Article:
Post-traumatic stress disorder (PTSD)

Explains post-traumatic stress disorder (PTSD), including possible causes and how you can access treatment and support. Includes tips for helping yourself, and guidance for friends and family.

Your stories

Understanding PTSD

Annabelle blogs about how Mind's information helped her see past her trauma.

Annabelle
Posted on 30/07/2015

My cPTSD diagnosis

Mick tells us about his difficult path to a cPTSD diagnosis (complex post-tramatic stress disorder).

Posted on 25/09/2017

What treatments are available?

This page covers:

Watchful waiting
If you have had PTSD symptoms for less than four weeks or they are relatively mild, your GP might suggest an approach called 'watchful waiting' before offering you any treatment. This involves monitoring your symptoms yourself to see if things improve. In this case you should be offered a follow-up appointment within one month.

One of the most disturbing things has been the feelings of aggression and anger towards anyone who looks like the person who attacked me... EMDR therapy has been massively helpful.

Talking treatments for PTSD

The National Institute for Health and Care Excellence (NICE) – the organisation that produces guidelines on best practice in health care – currently recommends two types of talking treatment for PTSD:

  • Trauma-focused cognitive behavioural therapy (TF-CBT). This is a form of cognitive behavioural therapy (CBT) specifically adapted for PTSD. NICE recommends that you are offered 8–12 regular sessions of around 60–90 minutes, seeing the same therapist at least once a week. (See our pages on CBT for more information about this therapy.)
  • Eye movement desensitisation and reprocessing (EMDR). This is a fairly new treatment that can reduce PTSD symptoms such as being easily startled. It involves making rhythmic eye movements while recalling the traumatic event. The rapid eye movements are intended to create a similar effect to the way your brain processes memories and experiences while you’re sleeping. (See the section on EMDR in our pages on talking treatments for more information about this therapy.)

NICE may recommend other talking treatments in future if they are found to help with PTSD, but more research is needed.

What if I don't feel better?

If the talking treatment you try doesn't seem to be helping, NICE suggests that you:

  • tell your doctor or therapist you were expecting to feel differently
  • ask if you need more treatment, or a different type of treatment.

Your doctor or therapist should offer you a second course of treatment or a follow-up appointment. You can read the full guidelines for PTSD in English or Welsh on the NICE website.

Medication for PTSD

People experiencing PTSD aren't routinely prescribed medication. However, you might be offered medication if:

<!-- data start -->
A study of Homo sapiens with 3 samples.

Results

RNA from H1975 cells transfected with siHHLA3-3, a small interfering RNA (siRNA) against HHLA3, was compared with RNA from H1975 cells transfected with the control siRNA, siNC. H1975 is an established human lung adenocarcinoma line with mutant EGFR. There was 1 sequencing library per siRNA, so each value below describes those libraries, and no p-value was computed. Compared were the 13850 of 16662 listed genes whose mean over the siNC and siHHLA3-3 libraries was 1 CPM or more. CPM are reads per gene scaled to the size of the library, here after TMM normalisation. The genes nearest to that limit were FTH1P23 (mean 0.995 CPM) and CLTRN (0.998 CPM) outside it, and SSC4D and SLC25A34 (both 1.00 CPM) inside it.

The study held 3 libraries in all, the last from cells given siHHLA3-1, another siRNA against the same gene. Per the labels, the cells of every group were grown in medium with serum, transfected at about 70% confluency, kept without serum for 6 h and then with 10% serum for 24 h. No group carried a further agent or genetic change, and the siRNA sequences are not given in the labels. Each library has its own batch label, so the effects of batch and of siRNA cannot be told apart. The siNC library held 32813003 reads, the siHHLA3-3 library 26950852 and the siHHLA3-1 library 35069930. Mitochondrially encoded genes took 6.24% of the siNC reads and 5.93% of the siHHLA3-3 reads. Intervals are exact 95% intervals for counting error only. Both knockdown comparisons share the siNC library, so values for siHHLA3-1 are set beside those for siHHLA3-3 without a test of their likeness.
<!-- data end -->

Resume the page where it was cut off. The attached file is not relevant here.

• you also have depression
  • you have sleep problems caused by PTSD
  • you are unable or unwilling to try talking treatments.

If you are offered medication for PTSD, this will usually be an antidepressant. While PTSD is not the same as depression, this type of medication has been found to help. NICE recommends four antidepressants in particular:

Some doctors may choose to prescribe other antidepressants for PTSD, such as sertraline. (See our pages on antidepressants for more information about this kind of medication.)

Before you take any medication

Before you decide to take any medication, you should make sure you have all the facts you need to feel confident about your decision. For guidance on what you might want to know about any drug before you take it, see our pages on:

Other treatment options

Some people with PTSD say they have found other treatments helpful in managing their condition, such as group therapy, arts therapies or dialectical behaviour therapy (DBT). However, the NICE guidelines say that treatments that have not been designed or properly tested for people who have experienced trauma should not be used on their own.

Pre-trial therapy for prosecution witnesses
The Crown Prosecution Service (CPS) guidelines for vulnerable witnesses, which includes anyone giving evidence about rape or sexual assault, say that some forms of therapy can 'present problems' if someone has them before giving evidence which may be used in a trial.

For information about this you can speak to Victim Support, which is a charity in England and Wales that aims to help victims and witnesses of any crime, or you could talk to an Independent Sexual Violence Advisor (ISVA) – The Survivors Trust has a list of ISVAs on their website.

Accessing treatment

Here are some ways you could access treatment:

  • Your GP. To get treatment on the NHS, you could visit your doctor (also known as your GP). For advice on preparing for a GP appointment, see our Find the Words guide.
  • Free NHS therapy services. You might be able to directly contact Improving Access to Psychological Therapies (IAPT) services in your area – you can search for these on the NHS Choices website.
  • Specialist organisations. (See useful contacts for organisations that may offer therapy or be able to put you in touch with local services.)
  • Local trauma services. Some organisations offer free or low-cost trauma therapy. Your local Mind may have information about services in your area.
  • Private therapists. Finding a private therapist is another option some people choose to explore.

(See our pages on seeking help for a mental health problem and talking treatments for more information about accessing treatment.)


This information was published in May 2017. We will revise it in 2020.